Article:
WARRENSBURG - Adirondack residents expressed dismay this week that the days of float planes landing on a popular canoeing and fishing destination - Lows Lake in Hamilton County- may be numbered.
The opinions were aired Feb. 18 as the state Dept. of Environmental Conservation and the Adirondack Park Agency held a public hearing reviewing a pending compromise between these two agencies that would cease all float plane access to the lake on Dec. 31, 2012.
Last fall, the APA rejected a DEC plan that would have extended float plane access to Lows Lake until 2018, citing the their regional land use plan for Lows Lake and the surrounding public lands which has a stated goal of creating a wilderness area void of motorized vehicles - a pristine, tranquil location for canoeing and fishing.
The pending prohibition is another milestone in the ongoing struggle between those who prefer or need motorized access to remote Adirondack regions, and those who enjoy backwoods areas quiet, rustic and primitive. If adopted, the pending compromise would change the land use designation of Lows Lake from primitive to wilderness. The latter category has significantly more restrictions than the former.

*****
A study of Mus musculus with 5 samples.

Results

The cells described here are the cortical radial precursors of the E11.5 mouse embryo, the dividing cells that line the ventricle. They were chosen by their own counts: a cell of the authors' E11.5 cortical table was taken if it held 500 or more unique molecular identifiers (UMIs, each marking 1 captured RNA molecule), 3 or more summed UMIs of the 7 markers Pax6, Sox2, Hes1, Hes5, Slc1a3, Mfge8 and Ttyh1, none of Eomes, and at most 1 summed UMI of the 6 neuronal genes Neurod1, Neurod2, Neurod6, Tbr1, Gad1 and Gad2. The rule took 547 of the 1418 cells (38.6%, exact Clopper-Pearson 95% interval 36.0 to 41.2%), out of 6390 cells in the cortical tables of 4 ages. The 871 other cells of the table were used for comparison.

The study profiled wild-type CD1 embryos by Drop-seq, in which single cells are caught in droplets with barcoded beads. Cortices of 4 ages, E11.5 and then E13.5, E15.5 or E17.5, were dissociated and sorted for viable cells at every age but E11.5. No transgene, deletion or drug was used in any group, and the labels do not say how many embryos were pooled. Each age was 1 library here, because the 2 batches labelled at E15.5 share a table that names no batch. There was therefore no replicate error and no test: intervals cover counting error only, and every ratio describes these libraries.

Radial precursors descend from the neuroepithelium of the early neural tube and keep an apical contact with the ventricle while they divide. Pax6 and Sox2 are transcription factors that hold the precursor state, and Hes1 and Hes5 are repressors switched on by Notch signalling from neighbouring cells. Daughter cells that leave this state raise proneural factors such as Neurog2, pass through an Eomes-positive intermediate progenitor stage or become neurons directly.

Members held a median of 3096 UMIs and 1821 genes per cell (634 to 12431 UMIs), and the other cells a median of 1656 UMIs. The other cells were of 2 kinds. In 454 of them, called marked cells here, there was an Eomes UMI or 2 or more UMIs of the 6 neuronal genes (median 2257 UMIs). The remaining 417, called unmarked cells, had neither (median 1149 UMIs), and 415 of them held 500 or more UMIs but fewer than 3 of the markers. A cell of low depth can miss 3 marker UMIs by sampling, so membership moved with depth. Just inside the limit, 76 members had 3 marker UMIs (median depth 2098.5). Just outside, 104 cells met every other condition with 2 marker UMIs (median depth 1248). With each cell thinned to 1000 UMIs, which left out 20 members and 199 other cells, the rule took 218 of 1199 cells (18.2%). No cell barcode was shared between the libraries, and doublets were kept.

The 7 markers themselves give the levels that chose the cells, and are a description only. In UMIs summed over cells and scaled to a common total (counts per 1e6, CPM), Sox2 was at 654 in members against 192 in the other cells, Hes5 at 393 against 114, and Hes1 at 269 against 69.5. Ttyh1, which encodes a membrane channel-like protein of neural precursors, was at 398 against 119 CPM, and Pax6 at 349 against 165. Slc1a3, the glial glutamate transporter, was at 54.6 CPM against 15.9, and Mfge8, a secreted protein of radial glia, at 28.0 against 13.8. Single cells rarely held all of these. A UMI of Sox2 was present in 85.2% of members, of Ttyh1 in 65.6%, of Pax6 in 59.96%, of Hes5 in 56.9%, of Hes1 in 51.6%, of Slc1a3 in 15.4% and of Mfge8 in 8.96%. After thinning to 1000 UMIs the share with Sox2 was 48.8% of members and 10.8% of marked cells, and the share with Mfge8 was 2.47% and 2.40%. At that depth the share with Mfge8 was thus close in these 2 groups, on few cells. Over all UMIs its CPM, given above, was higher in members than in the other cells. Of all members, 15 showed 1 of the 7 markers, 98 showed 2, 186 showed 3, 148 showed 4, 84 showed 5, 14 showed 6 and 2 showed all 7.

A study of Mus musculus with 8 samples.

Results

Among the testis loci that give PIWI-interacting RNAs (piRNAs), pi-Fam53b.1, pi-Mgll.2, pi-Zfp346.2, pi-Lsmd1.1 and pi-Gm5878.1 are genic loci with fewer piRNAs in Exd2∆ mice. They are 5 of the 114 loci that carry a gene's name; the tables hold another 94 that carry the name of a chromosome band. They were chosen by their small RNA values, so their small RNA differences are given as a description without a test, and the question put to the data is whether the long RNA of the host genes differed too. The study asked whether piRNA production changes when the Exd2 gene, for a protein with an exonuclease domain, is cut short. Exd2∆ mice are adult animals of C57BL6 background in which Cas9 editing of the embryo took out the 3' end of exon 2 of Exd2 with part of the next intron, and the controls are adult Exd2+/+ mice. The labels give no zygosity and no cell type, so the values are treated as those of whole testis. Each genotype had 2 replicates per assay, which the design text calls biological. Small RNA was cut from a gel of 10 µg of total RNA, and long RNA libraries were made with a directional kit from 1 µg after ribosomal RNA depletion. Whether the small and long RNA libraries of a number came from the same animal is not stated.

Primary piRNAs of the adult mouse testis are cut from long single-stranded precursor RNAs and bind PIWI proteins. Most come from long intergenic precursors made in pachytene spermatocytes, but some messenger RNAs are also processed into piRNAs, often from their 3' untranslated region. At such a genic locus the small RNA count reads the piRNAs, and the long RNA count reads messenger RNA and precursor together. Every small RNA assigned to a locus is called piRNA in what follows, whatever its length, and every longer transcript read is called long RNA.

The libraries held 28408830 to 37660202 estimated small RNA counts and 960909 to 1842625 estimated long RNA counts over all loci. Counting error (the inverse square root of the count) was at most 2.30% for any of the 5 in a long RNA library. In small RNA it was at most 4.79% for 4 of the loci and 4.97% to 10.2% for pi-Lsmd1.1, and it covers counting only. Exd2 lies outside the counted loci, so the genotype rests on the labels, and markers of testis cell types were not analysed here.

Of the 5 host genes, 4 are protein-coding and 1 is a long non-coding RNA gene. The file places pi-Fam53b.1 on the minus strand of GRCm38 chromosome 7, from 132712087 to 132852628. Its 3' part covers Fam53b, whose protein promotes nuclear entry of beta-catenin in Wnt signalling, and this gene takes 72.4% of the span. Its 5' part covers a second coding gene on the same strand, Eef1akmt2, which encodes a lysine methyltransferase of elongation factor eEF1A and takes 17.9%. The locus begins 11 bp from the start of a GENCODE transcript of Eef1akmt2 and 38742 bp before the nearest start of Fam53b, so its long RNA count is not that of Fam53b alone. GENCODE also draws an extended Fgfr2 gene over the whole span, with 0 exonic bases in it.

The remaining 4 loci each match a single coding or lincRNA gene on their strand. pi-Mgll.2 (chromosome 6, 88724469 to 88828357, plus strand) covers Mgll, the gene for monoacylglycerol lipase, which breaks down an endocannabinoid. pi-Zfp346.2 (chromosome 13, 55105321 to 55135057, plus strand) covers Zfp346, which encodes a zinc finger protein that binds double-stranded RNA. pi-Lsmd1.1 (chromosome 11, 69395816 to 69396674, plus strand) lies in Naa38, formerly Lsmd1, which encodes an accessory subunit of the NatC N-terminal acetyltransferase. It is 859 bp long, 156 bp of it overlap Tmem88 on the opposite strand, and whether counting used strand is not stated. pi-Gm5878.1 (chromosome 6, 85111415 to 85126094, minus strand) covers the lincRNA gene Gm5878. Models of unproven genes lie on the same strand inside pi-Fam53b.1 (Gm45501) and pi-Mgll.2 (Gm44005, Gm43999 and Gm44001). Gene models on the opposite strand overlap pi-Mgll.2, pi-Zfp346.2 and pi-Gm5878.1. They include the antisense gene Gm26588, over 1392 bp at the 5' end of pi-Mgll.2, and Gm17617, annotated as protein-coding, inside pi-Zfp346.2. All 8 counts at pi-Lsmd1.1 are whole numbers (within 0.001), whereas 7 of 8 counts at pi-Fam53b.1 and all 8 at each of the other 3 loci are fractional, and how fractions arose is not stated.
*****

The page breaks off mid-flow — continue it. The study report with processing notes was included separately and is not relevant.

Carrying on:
A number of residents at the hearing objected to the proposed land use amendment.
"Float planes have been used as a means of accessing remote locations like Lows Lake since the 1920s," said Payne's Seaplane and Air Service Co-Owner and Operator Tom Payne. "Flying into lakes is a wilderness experience, too."
Payne is a fourth-generation bush pilot whose family has been transporting outdoor enthusiasts to Lows Lake for nearly a century. According to Payne, prohibiting access to the lake would be a drastic hit for not only his business, but for the economic viability of communities like Inlet and Long Lake, where float plane businesses have thrived for decades.